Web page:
Perhaps the NC heat is too hard on batteries also, with our summer temps over 90 from May to August.

I'm thinking maybe I should go ahead and change my 2016 Elite battery before summer arrives?
 


Many years ago, I started getting a warning message of something like "change batt." I measured voltages, convinced myself everything was good with the battery and charging system, learned on here how to reset the monitoring system, etc. to make the message go away. Then within 6 months the battery truly was unable to hold a real charge and needed replacement. I was very impressed and surprised, conlcuding that this system had correctly predicted the future based on voltage trends or whatever it does.

So, assuming they still have the same system on the 2016, I expect the car will warn you with a few months to spare when your battery starts to go. Given the variability in how long batteries seem to last, no I would not do a pre-emptive replacement unless there are other factors.

BTW - I have also found that the battery management system can be thrown off when swapping good batteries between cars, which is something I do sometimes as a debugging step. So in those cases, reset is required, and the warning messages deserve to be ignored.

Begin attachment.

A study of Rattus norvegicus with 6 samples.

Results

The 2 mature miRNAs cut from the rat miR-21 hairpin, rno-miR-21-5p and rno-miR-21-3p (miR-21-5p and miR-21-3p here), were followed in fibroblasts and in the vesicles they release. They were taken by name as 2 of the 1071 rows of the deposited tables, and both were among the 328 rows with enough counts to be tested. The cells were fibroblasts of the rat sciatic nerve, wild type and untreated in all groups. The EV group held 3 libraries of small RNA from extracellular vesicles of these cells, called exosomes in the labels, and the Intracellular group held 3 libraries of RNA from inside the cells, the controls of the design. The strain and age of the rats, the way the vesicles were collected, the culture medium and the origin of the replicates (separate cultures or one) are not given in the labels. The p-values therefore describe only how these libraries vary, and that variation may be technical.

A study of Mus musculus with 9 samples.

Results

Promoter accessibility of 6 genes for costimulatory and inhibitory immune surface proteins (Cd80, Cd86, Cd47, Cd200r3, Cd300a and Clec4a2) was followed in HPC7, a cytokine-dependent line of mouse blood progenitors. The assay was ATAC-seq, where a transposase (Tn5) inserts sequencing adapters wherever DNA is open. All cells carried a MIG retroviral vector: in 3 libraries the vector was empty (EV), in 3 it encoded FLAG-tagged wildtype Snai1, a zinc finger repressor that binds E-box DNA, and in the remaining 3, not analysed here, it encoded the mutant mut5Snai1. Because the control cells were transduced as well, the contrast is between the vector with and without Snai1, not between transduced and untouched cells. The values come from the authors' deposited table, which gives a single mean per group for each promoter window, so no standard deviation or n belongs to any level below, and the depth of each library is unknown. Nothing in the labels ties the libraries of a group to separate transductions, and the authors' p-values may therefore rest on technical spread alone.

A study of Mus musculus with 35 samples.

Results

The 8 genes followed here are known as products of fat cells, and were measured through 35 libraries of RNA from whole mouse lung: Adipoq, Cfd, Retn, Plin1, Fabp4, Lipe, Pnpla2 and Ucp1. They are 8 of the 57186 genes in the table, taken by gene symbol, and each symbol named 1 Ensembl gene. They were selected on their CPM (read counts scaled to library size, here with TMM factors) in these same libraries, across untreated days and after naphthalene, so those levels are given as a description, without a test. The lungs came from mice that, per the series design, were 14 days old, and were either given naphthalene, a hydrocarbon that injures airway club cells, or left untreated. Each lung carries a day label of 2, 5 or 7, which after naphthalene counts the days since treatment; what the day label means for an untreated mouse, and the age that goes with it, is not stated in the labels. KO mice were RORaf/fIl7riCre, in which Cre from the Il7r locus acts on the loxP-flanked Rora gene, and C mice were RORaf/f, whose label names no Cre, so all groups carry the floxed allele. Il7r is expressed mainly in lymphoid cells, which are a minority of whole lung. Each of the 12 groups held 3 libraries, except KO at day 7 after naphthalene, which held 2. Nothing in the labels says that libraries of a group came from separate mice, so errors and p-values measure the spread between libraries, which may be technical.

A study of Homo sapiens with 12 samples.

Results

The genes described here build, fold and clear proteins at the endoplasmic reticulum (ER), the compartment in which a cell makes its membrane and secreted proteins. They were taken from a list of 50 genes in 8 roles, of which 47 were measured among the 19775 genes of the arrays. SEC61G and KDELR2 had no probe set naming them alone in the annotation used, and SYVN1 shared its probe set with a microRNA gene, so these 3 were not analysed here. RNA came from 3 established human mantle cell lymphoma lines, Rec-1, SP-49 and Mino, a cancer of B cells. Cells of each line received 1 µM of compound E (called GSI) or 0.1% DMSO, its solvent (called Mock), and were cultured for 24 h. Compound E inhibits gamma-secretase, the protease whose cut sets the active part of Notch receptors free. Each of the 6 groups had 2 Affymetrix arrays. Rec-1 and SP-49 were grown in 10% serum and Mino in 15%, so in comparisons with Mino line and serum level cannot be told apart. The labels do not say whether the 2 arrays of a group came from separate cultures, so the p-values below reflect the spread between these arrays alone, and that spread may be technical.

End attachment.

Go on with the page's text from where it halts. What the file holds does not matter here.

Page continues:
Find someone with a "load tester" which puts the battery under a load at that will tell you it's condition.
 

 

I'm thinking maybe I should go ahead and change my 2016 Elite battery before summer arrives?
Alabama heat here, I replace batteries every 3 years regardless. Way better to do on your schedule in your garage than getting a call from your wife. For both of our vehicles that take conventional batteries in size 24F , I use the NAPA Legend Premium 24F from the Napa stores. Top rated by consumers reports battery life testing in 2019. Made by East Penn, same as Deka and AC Delco in this size.

On our 2011, the OEM original battery lasted 3 years, second battery from Advance lasted 3.5 years, died coincident with alternator, not sure which was the cause. Those two incidents got me to change to 3 year interval for both Odys and 06 Pilot. Also, consider replacing alternator about 140k miles if it hasnt died. Both 06 Pilot and 11 Odys lost alternators between 125k and 150k, very similar J35 engines.
 


The Honda dealer tested out my 3 year old replacement Walmart battery on Friday.... all good!
 

 

 

-Charlie
Something almost as good, that is possible on cars parked outside is to install a small solar panel charger. I've done that on a couple of my lesser-used cars, including the '99 Odyssey EX after we got the 2011. Does not take much to keep it topped up, and led to very reliable starting and long battery life.
 

 

 

 

 

Do you mean a jumper box? It will start a car with a good but discharged battery, but it won't start a car with a dead battery.
 

 

Yep, the jumper box. Couldn't think of the right term. Portable battery is what you use to charge your phone, haha.

I've actually never tried it. I bought it after I accidentally killed my own battery while on a trip.